The following instructions are how to hire a voice actor for your NON-UNION project.
If you’ve never hired a voice actor before, it can seem like a daunting process. Fortunately for you, experienced, professional voice actors can make the process an easy and quick one if you follow a few basic guidelines.
There are a few ways you can hire voice talent.
1. Contact a Talent directly. Google voice actors, find a voice you like, and contact them for your job.
2. Post your listing on a VoiceOver website such as Voices.com or Voice123.com.
3. Use a website like Voicebunny.com or VoiceJockeys.com for nearly instant VO work.
4. Contact a talent agency. Usually this is done only for large, high-dollar work.
Before you can hire a voice talent, you need to determine the word count of the script and the usage of the V/O. For example, is this a small-market local radio spot for a one-month run, an internet-only instructional video, or a TV commercial for national use? The price your talent quotes will depend on usage. Look into whether or not your project requires that you use a Union talent. You also need to determine a deadline for your project, a file format and delivery method, if the talent will record in their studio or in yours, and if you want to listen in or ‘direct’ the session – called a phone patch session. Lastly, will you be editing or hiring an editor for the audio, or will you require a final, edited cut? Unedited audio is referred to as “raw audio” and the rates for edited audio are understandably higher. Editing audio generally takes twice the length of the finished audio.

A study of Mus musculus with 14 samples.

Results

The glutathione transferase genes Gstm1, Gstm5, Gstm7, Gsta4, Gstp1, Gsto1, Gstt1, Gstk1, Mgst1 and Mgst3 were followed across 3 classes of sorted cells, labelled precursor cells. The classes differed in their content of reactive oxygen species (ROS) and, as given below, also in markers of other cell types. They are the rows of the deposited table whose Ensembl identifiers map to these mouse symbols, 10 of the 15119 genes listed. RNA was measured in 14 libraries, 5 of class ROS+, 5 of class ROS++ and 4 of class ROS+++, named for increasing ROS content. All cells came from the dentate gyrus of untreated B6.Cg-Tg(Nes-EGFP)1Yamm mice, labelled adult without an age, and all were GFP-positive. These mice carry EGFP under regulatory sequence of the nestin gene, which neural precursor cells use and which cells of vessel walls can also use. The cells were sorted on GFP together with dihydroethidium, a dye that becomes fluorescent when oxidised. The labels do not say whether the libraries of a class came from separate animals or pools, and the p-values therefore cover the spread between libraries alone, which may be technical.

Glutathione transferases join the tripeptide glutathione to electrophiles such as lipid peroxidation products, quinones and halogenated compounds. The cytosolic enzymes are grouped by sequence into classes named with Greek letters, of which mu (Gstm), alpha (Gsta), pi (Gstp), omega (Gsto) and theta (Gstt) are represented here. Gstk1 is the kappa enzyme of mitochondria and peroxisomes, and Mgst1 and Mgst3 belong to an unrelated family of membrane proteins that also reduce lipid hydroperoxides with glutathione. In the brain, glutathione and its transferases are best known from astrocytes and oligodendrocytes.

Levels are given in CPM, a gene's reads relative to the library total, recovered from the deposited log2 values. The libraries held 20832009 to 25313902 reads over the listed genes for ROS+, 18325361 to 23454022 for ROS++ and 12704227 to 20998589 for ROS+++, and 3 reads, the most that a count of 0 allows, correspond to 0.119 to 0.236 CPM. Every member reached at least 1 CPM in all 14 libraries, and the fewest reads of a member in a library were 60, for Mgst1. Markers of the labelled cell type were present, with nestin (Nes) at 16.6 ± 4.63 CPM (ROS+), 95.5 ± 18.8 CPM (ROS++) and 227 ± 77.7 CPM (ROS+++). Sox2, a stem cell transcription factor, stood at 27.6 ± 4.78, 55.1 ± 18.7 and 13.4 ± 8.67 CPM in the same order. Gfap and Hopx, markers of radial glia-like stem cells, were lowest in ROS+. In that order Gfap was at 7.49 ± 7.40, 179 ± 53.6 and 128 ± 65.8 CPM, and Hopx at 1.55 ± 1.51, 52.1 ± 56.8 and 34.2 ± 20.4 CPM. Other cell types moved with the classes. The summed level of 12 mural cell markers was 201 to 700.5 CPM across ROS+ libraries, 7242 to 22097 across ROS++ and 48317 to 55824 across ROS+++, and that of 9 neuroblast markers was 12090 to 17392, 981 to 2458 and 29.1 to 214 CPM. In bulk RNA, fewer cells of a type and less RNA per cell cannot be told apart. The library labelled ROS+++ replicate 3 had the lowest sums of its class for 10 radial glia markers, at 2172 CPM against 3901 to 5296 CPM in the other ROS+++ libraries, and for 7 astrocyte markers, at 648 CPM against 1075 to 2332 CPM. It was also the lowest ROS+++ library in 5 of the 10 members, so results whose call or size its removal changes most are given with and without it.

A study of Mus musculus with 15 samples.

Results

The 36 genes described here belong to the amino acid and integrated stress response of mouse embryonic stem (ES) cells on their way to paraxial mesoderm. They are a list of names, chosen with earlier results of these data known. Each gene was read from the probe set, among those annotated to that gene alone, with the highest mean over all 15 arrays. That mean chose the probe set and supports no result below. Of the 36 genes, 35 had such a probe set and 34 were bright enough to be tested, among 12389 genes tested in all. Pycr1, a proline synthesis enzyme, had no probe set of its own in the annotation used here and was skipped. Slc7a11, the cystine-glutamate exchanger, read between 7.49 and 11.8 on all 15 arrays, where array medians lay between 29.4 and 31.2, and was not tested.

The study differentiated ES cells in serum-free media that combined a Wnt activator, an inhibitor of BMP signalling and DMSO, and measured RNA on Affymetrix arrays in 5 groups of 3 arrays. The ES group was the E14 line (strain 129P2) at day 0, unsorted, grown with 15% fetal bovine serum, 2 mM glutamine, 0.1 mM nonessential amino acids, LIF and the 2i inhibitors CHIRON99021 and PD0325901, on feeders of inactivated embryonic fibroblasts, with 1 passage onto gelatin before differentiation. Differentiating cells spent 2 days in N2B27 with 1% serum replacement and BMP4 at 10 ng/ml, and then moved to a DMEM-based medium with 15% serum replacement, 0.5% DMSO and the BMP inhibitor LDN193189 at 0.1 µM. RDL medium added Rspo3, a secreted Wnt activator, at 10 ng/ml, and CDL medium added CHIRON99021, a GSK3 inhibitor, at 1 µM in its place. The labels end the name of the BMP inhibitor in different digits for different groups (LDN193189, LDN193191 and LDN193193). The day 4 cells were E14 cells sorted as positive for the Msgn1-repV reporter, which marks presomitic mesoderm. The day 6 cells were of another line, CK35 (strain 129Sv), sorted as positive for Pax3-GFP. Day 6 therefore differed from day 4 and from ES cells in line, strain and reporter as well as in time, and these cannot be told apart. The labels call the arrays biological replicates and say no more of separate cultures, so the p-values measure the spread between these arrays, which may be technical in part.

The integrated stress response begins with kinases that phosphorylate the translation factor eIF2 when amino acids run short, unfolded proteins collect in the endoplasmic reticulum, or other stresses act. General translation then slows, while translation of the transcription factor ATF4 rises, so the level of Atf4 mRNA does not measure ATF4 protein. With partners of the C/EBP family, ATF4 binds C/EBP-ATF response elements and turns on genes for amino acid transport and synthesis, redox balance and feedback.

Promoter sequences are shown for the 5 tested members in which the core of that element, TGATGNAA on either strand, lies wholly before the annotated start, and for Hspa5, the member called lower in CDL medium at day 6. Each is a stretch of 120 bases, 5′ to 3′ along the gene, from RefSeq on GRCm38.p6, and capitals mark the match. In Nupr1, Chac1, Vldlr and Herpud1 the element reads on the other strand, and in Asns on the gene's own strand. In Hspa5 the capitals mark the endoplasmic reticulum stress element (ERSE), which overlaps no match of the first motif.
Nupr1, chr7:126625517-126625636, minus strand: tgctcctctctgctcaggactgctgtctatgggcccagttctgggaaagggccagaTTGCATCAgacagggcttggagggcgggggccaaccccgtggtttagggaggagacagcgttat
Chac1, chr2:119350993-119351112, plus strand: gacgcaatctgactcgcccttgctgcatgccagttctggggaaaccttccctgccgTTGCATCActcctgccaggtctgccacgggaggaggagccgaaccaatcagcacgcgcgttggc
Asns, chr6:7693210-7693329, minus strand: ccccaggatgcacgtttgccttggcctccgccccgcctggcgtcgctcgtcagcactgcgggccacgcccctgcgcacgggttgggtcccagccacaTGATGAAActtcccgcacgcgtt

How Much Should You Pay?
Well, that depends on many factors. Usage, as discussed above, is one factor. The experience and studio setup of the talent is another. If you go through a large website, you may have more choices in choosing talent and possibly more security in ensuring you get the product you want, but you’ll be paying for the talent’s listing or escrow fees as well, just like you’ll pay an agency fee if going through a talent agency.
Expect to pay at least $200 for a local radio commercial or Phone Script, and as much as $10,000 for a national TV commercial.
How to Approach Hiring a Talent Mark Hauser
If you contact a V/O talent directly, you should provide them with the word count, usage, deadline, and editing requirements, as well as the general idea behind the voiceover. Talents may turn down jobs that are against their moral compass. Scripts of a political, religious, or sexual nature, or that contain expletives – should be mentioned upfront. You can also provide them with either the entire script (if it’s a short one) or a portion. Expect talent to send an audition demo, with 2 different versions or more, along with a quote for the project and their very specific guidelines. Make sure you are very clear on how many revisions you get with the price of your quote and how revisions would be charged after this point. Be as clear as possible regarding the sound you’re looking for. Some examples are: authoritative, conversational, natural, believable, friendly, professional, smooth, etc. If there’s a voice on a commercial that you’ve heard similar to the style you like, be sure to include a YouTube link to that commercial. Expect to pay at least ½ upfront through PayPal.
If hiring through a website such as Voices.com, Voice123.com, Voicebunny.com, or Voicejockeys.com, you need to have the same information as above, as well as a defined budget. Voicejockeys.com is an easy website to use for a quick and easy V/O if you’re not too specific on the voice you need. Their rates are fixed based on usage and word count.